The 436 students and staff at Mwiyala rely on a broken hand-dug well and two small rain tanks for all their water needs. The water yielded from these sources is never enough for everyone.
The hand pump at the shallow well, which was installed when the school was built in 2009, breaks down frequently. The school cannot afford to fix the pump every time, which leaves students waiting in long lines at the school's two 10,000-liter rain tanks.
However, the tanks dry up as soon as the rainy season ends, leaving students with no other option but to miss class or go without water.
"I feel for [these] students," said deputy principal Rose Kotia (in the above photo). "Every 20 or 30 minutes wasted at this water point will cost them academically at some point. While other students countrywide are in class, our students are still at the tank trying to access water. I believe we can do better."
"Increased [water] collection time has...been shown to negatively affect the educational success of students, who report being late to school, lack of morale and ability to focus, and fatigue due to their water collection responsibilities." - David Hemson, ‘The Toughest of Chores’: Policy and Practice in Children Collecting Water in South Africa
"If the time I spend waiting to wash my plate and drink water from the tank was diverted to classwork, I assure you I [could] do better," said student Maxwell T (shown carrying water in the photo below). "Being in class on time means ample time to prepare for the next class, timely syllabi coverage, and subsequently good performance in the examinations."
“In addition to the necessity of water to maintain personal and environmental hygiene, reducing student dehydration in schools has been associated with improved cognitive abilities.” - UNICEF
Despite the school's water challenges, the school's enrollment numbers and student performance remain high. While this is a blessing in many ways, it also means the school's already-strained water supply will need to be stretched even further as more and more students join. This struggle is an unsustainable burden on the school community.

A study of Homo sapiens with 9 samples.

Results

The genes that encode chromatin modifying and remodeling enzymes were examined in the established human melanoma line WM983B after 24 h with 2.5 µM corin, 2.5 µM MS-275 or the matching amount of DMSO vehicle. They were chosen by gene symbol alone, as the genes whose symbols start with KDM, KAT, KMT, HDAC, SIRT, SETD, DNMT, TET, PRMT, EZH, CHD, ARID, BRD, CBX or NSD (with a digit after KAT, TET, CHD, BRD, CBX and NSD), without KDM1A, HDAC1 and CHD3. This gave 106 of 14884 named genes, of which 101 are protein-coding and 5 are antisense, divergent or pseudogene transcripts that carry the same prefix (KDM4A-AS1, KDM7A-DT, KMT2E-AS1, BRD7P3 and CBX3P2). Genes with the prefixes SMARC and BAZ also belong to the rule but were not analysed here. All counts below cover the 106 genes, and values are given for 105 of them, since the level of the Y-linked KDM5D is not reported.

What We Can Do:
We conducted a hydrogeological survey at this school and the results indicated the water table beneath it is an ideal candidate for a borehole well. Due to a borehole well's unique ability to tap into a safe, year-round water column, it will be poised to serve all of the water needs for this school's large population, even through the dry months.
The school will help collect the needed construction materials such as sand, rocks, and water for mixing cement. They will also provide housing and meals for the work team, in addition to providing local laborers. We will complement their materials by providing an expert team of artisans and drilling professionals, tools, hardware, and the hand-pump. Once finished, water from the well will then be used by the school’s students and staff for drinking, handwashing, cooking, cleaning, and much more.
There is currently nowhere for students to wash their hands after using the latrines or before eating lunch, let alone the water to do so.
The student health club will oversee the two new handwashing stations we will provide, and make sure they are kept clean and in working condition. The club leaders will fill the handwashing stations with water daily and make sure they are always supplied with a cleaning agent such as soap or ash.
We will construct two triple-door latrine blocks using local materials that the school will help gather. Three doors will serve the girls and three doors will serve the boys. All of these new latrines will have cement floors that are designed to be easy to use and to clean. And with a borehole right on school property, there should be enough water to keep them clean.
Training on Health, Hygiene, COVID-19, and More
We will hold a one-day intensive training session with students, teachers, and parents. This training will cover a wide range of topics including COVID-19 symptoms, transmission routes, and prevention; personal and environmental hygiene; and the operation and maintenance of the borehole, latrines, and handwashing stations. There will be a special emphasis on handwashing.
Our team of facilitators will use a variety of methods to train, including participatory hygiene and sanitation transformation, and asset-based community development. We will initiate a student health club, which will prepare students to lead other pupils into healthy habits at school and at home. We will also lead lectures, group discussions, and provide illustrative handouts to teach health topics and ways to promote good hygiene practices within the school including handwashing and water treatment. We will then conduct a series of follow-up trainings before transitioning to our regularly scheduled support visits throughout the year.
We and the school strongly believe that all of these components will work together to improve standards at this school, which will help lead to better student academic performance and will help unlock the opportunity for these students to live better, healthier lives.